You may not want to “get over” or “work past” your loss, because you’re not sure you can or should, soon or at all.  You feel pain for a very good and understandable reason: Someone you’ve loved is gone.  You may meet again someday, but until then you need to cope in your own way.  That means, for one thing, that you don’t want to numb yourself to pain, but you can’t ignore it, either.  There is a balance to strike, and that’s how things will eventually get better.

But PTSD can disrupt and drag out the whole healing process.  Whether you have flashbacks to “the” accident, or to moment you got the bad news, or to your last interaction with your loved one, the physical and psychological effects of PTSD can add new layers of anguish.  Your reactions to everyday events and interactions can be like a wound that keeps getting infected and re-infected.  You’re in a better position to cope if you can get the PTSD under control.

Stellate ganglion block (SGB) is a completely medical procedure that can help break the cycle by calming your reactions to PTSD triggers.   If you’re struggling to cope with the loss of someone you’ve loved, it’s very likely you’ve seen a psychologist or psychiatrist – perhaps for years – that that mode of therapy has helped to one degree.    SGB is complementary to therapy, in that it can work in tandem with a therapist’s efforts, or can pick up where they left off.  It’s not an either-or type of treatment.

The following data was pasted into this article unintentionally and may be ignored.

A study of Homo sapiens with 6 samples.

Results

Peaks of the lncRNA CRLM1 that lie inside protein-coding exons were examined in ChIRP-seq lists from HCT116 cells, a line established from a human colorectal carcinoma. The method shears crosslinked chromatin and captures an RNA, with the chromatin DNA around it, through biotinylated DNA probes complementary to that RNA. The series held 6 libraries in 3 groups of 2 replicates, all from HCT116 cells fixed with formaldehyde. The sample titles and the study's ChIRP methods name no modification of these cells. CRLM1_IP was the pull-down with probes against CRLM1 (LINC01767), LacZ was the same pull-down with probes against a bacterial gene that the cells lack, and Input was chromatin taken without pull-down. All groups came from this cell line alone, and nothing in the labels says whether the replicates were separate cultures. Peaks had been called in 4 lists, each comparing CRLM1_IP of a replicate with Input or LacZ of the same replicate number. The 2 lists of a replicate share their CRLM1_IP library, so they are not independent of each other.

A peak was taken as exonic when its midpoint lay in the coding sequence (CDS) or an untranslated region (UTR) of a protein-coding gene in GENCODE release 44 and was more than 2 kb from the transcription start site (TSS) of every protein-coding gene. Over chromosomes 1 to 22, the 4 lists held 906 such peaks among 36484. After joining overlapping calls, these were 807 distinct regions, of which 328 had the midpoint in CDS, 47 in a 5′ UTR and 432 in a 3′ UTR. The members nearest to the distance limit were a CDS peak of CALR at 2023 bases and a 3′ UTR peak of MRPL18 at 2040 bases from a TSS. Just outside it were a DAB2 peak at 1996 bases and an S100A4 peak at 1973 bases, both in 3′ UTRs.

The stellate ganglion is a bundle of nerves that is located deep in the lower neck. It is located within the cervical sympathetic chain. Sympathetic nerves play a strong role in our fight-or-flight response. When you have PTSD, these nerves malfunction and are constantly sending distress signals to your brain and body. Injecting local anesthetic (numbing medicine) around these nerves is called a stellate ganglion block (SGB). SGB resets these nerves that are chronically in fight-or-flight response. This is similar to rebooting your computer; after the “SGB reboot,” your nerves function normally. Stellate ganglion block (SGB) injections need to be performed under either ultrasound and/or fluoroscopic guidance as there are major blood vessels and organs nearby. The SGB injection is not new and has been used for 100 years to treat painful conditions such as chronic regional pain syndrome (CRPS) of the upper extremity. More recently, SGB is being used to treat PTSD.

Contrary to popular belief, stellate ganglion block is not only a PTSD treatment option for veterans and law-enforcement officersIt’s effective for a wide range of PTSD sufferers, including people racked by grief or bereavement.

I (Dr. Jason Attaman) have helped people in all kinds of situations overcome their PTSD.  Besides my medical experience, I am in a unique position to help because I understand a few things that may be true of your situation:

  • You’re not trying to deaden your feelings or “tune out.”  You want to get PTSD out of the way precisely so that you can cope with your loss.
  • You feel you’ve exhausted your options, between therapy, antidepressants or other medications, and advice from others.  Those may have helped, but you’re not out of the woods yet, and your time and patience are stretched thin.
  • You worry the treatment may be painful, and you are concerned that you might not be in control.

In my care, you’re always in the driver’s seat, and what you are comfortable with is exactly what we’ll do.  With stellate ganglion block I have helped many grieving and bereaved people calm their nerves, move past PTSD, and regain control of their lives and focus on healthy coping strategies.  It is fulfilling for me and doubly so for my patients.  You can contact my office in Bellevue, WA to discuss your needs and to schedule an appointment.